The B Side: The Death of Tin Pan Alley and the Rebirth of the Great American Song - Ben Yagoda Got this from firstreads.

The names, of songs, songwriters, singers, musicians, come flying at you in this summary of the Tin Pan Alley days up into the 1960s. So it helps if you already know some of the tunes and names, if you already have some scaffolding to hang these details on. The book itself isn't very good at providing you with a solid introduction to the history and music. And even though the chapters are labeled by time period, there's quite a bit of wandering back and forth in time in a way that feels disorganized. So prepare yourself with a little wiki-level history, at least, before you attack this thing.

I did have that mental scaffolding to fit this book into, though, and so I enjoyed it. There are some interesting trends identified. The areas in which I learned new things were the prevalence of ballads in the late 1940s -- something I was aware of but hadn't made sense to me, the ASCAP/BMI rivalry, the feud between Sinatra and Mitch Miller (the villan in this story), and the court case/legislative bill addressing how music was chosen to be recorded and broadcast in the 1940s and into the 50s. All that was interesting and provided some good context for the songs themselves. It was a fun read.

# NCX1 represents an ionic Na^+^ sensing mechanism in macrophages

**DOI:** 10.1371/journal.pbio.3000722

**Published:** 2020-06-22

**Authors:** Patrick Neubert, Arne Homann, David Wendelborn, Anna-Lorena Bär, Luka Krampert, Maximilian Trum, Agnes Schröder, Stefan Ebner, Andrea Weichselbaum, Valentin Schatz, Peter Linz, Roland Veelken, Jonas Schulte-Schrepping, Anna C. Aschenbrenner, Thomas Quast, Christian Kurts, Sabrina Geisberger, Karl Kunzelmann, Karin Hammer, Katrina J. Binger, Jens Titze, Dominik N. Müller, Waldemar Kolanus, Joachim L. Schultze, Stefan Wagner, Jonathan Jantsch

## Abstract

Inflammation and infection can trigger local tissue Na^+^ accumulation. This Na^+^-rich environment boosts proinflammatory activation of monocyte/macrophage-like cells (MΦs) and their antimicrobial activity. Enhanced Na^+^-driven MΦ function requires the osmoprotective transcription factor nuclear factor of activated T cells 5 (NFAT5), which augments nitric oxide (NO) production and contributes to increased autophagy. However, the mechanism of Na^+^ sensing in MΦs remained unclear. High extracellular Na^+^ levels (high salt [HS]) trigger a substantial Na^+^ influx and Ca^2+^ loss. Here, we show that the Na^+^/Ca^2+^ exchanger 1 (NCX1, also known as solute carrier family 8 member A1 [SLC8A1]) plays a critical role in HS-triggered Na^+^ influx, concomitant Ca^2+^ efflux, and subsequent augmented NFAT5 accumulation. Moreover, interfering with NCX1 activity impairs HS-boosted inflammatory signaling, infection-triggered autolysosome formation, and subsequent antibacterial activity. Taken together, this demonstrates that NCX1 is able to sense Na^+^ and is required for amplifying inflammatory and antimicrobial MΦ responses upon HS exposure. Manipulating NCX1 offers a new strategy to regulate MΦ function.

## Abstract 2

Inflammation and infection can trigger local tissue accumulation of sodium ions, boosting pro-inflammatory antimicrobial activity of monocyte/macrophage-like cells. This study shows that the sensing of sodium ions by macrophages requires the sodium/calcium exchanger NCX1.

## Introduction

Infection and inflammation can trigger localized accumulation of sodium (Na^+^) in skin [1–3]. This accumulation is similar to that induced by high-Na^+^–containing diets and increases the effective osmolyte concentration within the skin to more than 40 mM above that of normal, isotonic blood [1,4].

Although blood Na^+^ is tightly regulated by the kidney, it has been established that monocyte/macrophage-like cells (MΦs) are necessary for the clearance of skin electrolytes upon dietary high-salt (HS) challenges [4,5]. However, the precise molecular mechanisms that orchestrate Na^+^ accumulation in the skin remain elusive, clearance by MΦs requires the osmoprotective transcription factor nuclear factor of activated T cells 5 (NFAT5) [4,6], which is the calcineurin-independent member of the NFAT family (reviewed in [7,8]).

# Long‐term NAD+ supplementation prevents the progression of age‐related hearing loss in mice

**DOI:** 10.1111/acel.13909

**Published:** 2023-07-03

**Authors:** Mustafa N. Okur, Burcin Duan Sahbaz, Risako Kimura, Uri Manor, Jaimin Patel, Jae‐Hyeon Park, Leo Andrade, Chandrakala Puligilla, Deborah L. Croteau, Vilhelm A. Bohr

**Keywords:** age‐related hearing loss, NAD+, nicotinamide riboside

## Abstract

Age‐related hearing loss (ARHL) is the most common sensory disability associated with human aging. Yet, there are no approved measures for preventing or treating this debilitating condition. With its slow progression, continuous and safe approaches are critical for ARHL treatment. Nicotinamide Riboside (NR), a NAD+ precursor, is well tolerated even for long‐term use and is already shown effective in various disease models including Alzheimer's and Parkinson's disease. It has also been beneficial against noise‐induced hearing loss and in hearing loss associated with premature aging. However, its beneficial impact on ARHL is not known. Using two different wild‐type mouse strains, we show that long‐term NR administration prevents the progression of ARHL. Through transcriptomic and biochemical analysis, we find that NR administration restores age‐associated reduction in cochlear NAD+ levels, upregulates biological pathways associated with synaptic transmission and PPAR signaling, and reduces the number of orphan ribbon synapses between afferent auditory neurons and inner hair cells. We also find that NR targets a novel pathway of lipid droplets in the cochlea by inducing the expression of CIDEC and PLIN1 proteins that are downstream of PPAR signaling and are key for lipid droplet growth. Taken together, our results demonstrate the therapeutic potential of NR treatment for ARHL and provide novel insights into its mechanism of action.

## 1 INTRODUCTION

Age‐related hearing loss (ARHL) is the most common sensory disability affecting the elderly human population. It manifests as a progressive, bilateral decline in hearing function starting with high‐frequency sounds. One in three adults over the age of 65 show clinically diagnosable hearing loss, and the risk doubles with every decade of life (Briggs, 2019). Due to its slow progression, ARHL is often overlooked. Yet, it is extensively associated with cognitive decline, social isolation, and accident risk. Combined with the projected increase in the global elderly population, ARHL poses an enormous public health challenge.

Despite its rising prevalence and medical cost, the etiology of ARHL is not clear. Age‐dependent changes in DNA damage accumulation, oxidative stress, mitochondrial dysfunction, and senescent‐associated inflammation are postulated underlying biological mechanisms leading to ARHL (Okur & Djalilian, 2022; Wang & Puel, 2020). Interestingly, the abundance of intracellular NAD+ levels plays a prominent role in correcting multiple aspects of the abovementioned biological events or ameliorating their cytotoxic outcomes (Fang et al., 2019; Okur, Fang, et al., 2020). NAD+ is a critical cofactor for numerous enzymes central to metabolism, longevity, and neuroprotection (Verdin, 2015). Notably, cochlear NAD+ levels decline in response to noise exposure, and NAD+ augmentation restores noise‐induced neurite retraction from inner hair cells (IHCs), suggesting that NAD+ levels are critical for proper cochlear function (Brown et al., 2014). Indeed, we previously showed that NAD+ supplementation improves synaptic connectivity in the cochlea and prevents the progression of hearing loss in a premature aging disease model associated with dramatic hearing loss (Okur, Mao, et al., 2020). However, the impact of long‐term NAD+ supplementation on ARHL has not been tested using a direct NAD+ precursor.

I'm not altogether certain that Yagoda convinced me of his central thesis about bad music killing off Tin Pan Alley and all the good music that was written in (mostly) the 1930s. Part of that is that reality is complicated, and Yagoda set out to describe everything that was happening with music in this time period. There was good music being written and recorded, but there was a lot of bad stuff, too. And yes, we all think "How Much is that Doggie in the Window" was a silly song, but it's not clear that Elvis killed good music. And, as Yagoda writes in the last couple chapters, Tin Pan Alley-style music was not dead in the 1950s. Most of the time, it wasn't at the top of the charts, but good music was still being written. And I know Sinatra hated rock'n'roll, but I rather like it myself, so I have a hard time going along with the argument that it was shlock that unfairly crowded out the good stuff. I just don't think there's enough evidence in this book (or in reality) to convince me of that. I enjoyed reading it, but I ended up disagreeing with the author, I think, in his main point.